Depending on the faculty advisor a formal document may or may not be required, but it is strongly recommended that you write a proposal as part of your professional education and to help you end up with good project results.
Also note it is possible that the proposal may have to be modified during the term or year to adapt to intermediate results. This is not a bad thing but is often necessary and desirable - compared to proceeding with a plan that is not working.
Goals of Project Proposal
- Convince the faculty advisor and/or client that the project is both worthwhile and feasible and that the proposed approach is the best possible.
- State the goals of the project and what the faculty/client can expect to see accomplished.
- Specify a time limit and budget for completion of the project.
- Identify milestones by which the faculty/client can monitor the progress of the project.
- Clarify the relationship between the faculty/client and the project team; in particular, state what data and services the faculty/client is expected to provide.
- Establish and delineate a professional approach to the project to gain experience with proposal skills that will be needed in professional life.
- Executive Summary: 1-2 paragraph statement of project goals and deliverables emphasizing the benefits to the university/department/faculty/client, outline of methodology, and statement of time and budget required.
- Introduction: Statement of problem context (background) and problem essentials (foreground).
- Project Statement: Expanded statement of goals. Clarify the deliverables of the project.
- Methodology: Description of approach to be taken. Organize in subsections. Motivation for the approach and the advantages and disadvantages of the approach. As necessary, provide definitions and a brief technical outline. Note skills to be learned by students.
- Resource Requirements: Identify software, hardware, facilities, space, funding and data required for project completion. Identify what data you will collect, and what data and services the university/client will provide.
- Schedule: Set up a method for the client to monitor the project through measurable accomplishments, milestones, and a meeting schedule with the client. Include a timeline or list of dates and deliverables.
- Budget: This section is not required for many M.Eng. projects but is an essential part of any other proposal. Outline monetary requirements for the project along with a schedule for expenditure.
- Contacts: It may prove useful to identify all parties involved with their contact information
Tips on How to Write a Project Proposal
Use typical sales techniques to create a better proposal.
- Know your client
- Know their needs and address them
- Use positive language
- Promise only what you can deliver
- Understand the difference between needs and wants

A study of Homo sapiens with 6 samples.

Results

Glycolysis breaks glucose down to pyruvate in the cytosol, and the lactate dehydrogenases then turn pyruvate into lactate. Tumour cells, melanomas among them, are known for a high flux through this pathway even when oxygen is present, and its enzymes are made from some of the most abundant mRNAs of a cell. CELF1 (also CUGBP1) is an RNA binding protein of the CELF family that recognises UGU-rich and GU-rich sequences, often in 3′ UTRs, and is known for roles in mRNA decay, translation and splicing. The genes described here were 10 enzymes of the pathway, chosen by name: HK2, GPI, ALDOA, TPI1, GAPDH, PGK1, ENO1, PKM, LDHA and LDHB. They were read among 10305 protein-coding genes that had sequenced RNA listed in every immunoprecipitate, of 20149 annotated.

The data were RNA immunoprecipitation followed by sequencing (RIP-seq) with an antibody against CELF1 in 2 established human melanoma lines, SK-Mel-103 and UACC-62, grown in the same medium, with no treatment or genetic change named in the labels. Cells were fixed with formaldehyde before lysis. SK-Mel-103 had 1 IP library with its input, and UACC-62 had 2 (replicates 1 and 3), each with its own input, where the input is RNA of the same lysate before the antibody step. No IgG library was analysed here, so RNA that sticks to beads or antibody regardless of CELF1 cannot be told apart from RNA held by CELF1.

Consider the possible negative outcomes of your proposal so that you may avoid them.
- Accepted but you didn't want it
- Oversold; the client expected more than was intended
- Under-resourced; possibly the result of the project being over-scoped
How a project will be judged and graded
The Master of Engineering project will receive a letter grade as other courses, but it is not just another course. It is the centerpiece of the Master of Engineering program. It requires sustained effort and time comparable to that of your most difficult courses, over a longer period of time. The work effort is close to activities in the workplace. The project report must meet the high academic standards applicable to a thesis while communicating effectively to non-specialist clients. While the faculty advisor and any client are valuable resources, the individual student or student team, not the advisor or the client, is responsible for overcoming obstacles and moving the project steadily forward.
The grade is entirely the responsibility of the faculty advisor, who is the official instructor of the course for the team being advised. Here are some criteria that faculty advisors usually take into account in establishing individual project grades:
Creativity and judgment
- Accurately discern and define the essential and true elements of the real-world problem, develop a practical solution strategy, and follow through to a useful product. • Searching out, learning and making appropriate use of available theory and tools, seeking additional expertise and data as needed.
- Figuring out how to deal with a difficult, complex and unstructured real-world problem with incomplete data, for which the solution may not be straightforward or 'cookbook'
- Establishing clear two-way ongoing written and oral communication with the client and the advisor about progress, status, and issues, up to and including the final presentation
- Producing clear, well-organized and accurate project documents.
Leadership and Teamwork
- Taking initiative, resolving conflicts, and maintaining participation Professionalism
- Making and updating the project plan and meeting the resulting commitments about deadlines, milestones and budgets
- Justifying recommendations by conclusions and findings
- Adhering to high ethical standards
Acknowledgement: This document is largely based on several documents used at various times by Professor Peter Jackson and other faculty and staff in the School of Operations Research and Information Engineering and other departments at Cornell University.